Thomas and Jessica

Monday, October 4, 2010 Permalink

I am home sick today.  A terrible headache and aching neck and shoulders kept me in bed for most of the morning.  When I woke at lunchtime I was pretty sure I could happily sleep away the afternoon, but decided I should get up lest I be completely unable to sleep tonight and am rendered inactive tomorrow as well.

After checking and dealing with work emails I settled myself in my comfortable armchair and flicked through television channels looking for something on daytime TV to keep me from my bed.  Staving off head-spins I caught the end of a Judy Garland movie I can’t recall ever having seen before (I grew up in regional Queensland on a diet of Sunday afternoon Judy Garland, Mickey Rooney, Fred Astaire and Doris Day movies.)

Feeling too light-headed to do much else after the movie finished I channel-surfed again before coming across Magnum PI. I can’t recall being a huge Thomas Magnum or Tom Selleck fan when the show actually aired back in the 1980s but, as I have always consumed large amounts of television and suffered through a deficiency of options in my home town, I have watched my share of the Hawaiian-based detective.

Watching it a decade and a half later remains a treat.  Episodes were replayed on a Sunday morning (on and off) last year and I circled it in my TV Guide in an attempt to remember to watch (or tape) it.  Despite the occasionally-wooden acting and (now) very-dated stunts and special effects I was surprised to see a number of familiar faces – including a young Ted Danson, Sharon Stone, Ernest Borgnine and Carol Burnett.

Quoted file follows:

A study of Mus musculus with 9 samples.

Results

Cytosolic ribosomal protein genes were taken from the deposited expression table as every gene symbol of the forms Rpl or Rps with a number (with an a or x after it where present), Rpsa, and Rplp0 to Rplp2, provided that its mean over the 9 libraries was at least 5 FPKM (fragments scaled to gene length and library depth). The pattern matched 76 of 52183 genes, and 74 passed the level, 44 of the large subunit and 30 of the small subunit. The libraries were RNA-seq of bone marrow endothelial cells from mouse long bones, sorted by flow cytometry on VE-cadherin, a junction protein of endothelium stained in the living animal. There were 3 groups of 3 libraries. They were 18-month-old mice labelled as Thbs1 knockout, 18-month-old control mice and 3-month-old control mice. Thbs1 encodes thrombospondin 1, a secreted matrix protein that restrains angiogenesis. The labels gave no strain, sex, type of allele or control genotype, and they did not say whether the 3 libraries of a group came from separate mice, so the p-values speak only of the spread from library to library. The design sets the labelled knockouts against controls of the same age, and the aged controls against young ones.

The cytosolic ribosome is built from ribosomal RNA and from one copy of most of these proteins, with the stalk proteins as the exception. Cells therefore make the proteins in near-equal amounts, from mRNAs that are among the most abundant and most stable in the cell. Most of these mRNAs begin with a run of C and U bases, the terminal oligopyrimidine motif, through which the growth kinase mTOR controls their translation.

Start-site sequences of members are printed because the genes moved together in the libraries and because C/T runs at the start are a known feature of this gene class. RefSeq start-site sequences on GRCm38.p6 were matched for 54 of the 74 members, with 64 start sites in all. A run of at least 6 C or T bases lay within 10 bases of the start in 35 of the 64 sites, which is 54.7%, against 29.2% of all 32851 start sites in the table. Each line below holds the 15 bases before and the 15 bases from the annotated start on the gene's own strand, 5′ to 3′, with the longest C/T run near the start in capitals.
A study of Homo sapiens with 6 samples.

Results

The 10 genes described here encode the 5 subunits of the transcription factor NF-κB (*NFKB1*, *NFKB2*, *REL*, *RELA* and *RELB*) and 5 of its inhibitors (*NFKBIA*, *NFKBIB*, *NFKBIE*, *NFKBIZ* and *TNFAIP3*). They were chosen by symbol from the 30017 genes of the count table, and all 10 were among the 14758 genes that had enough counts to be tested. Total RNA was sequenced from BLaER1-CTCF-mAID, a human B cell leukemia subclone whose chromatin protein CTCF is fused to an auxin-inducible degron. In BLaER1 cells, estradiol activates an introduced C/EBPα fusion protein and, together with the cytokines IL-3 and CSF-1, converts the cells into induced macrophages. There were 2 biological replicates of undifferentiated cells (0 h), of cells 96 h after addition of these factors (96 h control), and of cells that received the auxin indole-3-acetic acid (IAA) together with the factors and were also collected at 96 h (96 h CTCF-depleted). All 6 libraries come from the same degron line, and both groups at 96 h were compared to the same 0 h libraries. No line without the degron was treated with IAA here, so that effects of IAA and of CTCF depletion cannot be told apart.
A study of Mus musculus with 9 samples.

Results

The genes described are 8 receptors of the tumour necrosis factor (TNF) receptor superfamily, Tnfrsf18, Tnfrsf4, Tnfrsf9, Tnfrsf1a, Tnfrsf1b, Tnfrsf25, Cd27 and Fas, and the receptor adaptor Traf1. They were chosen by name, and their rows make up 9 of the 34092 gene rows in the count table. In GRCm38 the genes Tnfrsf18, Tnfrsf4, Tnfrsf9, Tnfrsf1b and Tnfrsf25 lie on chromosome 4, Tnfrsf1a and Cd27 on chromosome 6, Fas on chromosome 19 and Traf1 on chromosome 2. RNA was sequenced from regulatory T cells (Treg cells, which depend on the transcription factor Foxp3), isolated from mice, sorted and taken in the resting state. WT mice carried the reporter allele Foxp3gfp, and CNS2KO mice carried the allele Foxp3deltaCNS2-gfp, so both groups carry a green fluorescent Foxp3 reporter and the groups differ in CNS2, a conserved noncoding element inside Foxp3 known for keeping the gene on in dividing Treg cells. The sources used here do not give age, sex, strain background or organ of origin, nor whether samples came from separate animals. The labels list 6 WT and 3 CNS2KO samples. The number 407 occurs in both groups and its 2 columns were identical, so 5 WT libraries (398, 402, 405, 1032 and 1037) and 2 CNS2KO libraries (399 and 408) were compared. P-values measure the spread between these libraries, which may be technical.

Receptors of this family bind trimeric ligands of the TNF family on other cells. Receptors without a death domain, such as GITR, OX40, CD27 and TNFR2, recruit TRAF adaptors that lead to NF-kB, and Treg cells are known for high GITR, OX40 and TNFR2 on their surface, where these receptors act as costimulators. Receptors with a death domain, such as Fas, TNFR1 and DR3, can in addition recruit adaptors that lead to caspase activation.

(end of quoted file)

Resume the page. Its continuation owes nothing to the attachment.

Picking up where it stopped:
Today’s episode (shown on one of our new free-to-air digital television stations, 7mate) featured a young Miguel Ferrer.  Again I was reminded how much I like and miss shows like this.  I must also confess to be a Murder She Wrote fan.  When the show was replayed on daytime television earlier this year, I set my video to tape it and watch at my leisure.

I think people either love or hate Angela Lansbury’s Jessica Fletcher.  I personally think she morphed into a less-patronising and annoying character over the show’s life.  Although I cringed at the sets’ and decor (I think I had blocked macrame hanging pot plant holders from my mind), I liked the lack of complexity in the storylines when comparing them to the murder/mysteries on our screens today.

I can think of few current shows which can offer the G-rated viewing of the likes of Murder She Wrote, Magnum PI (and their contemporaries, Hart to Hart, Moonlighting, Remington Steele, Jake and the Fatman etc…).  Although I enjoy shows like Dexter, Law & Order (et al), The Mentalist etc, they are all far more macabre and not exactly easy-viewing.  Hardly fun.

It makes me wonder where we are heading though.  If in another 10 or 15 years the grisly corpses in Bones; serial killers of Criminal Minds; and mind-benders of Fringe will be passe?  Perhaps I will be giggling at the special effects in Caprica.  I guess only time will tell.   Until then I will work out how to record my digital television channels and – when time permits – settle down with Magnum and giggle at the short shorts.  And the hair.  Not to mention the moustaches!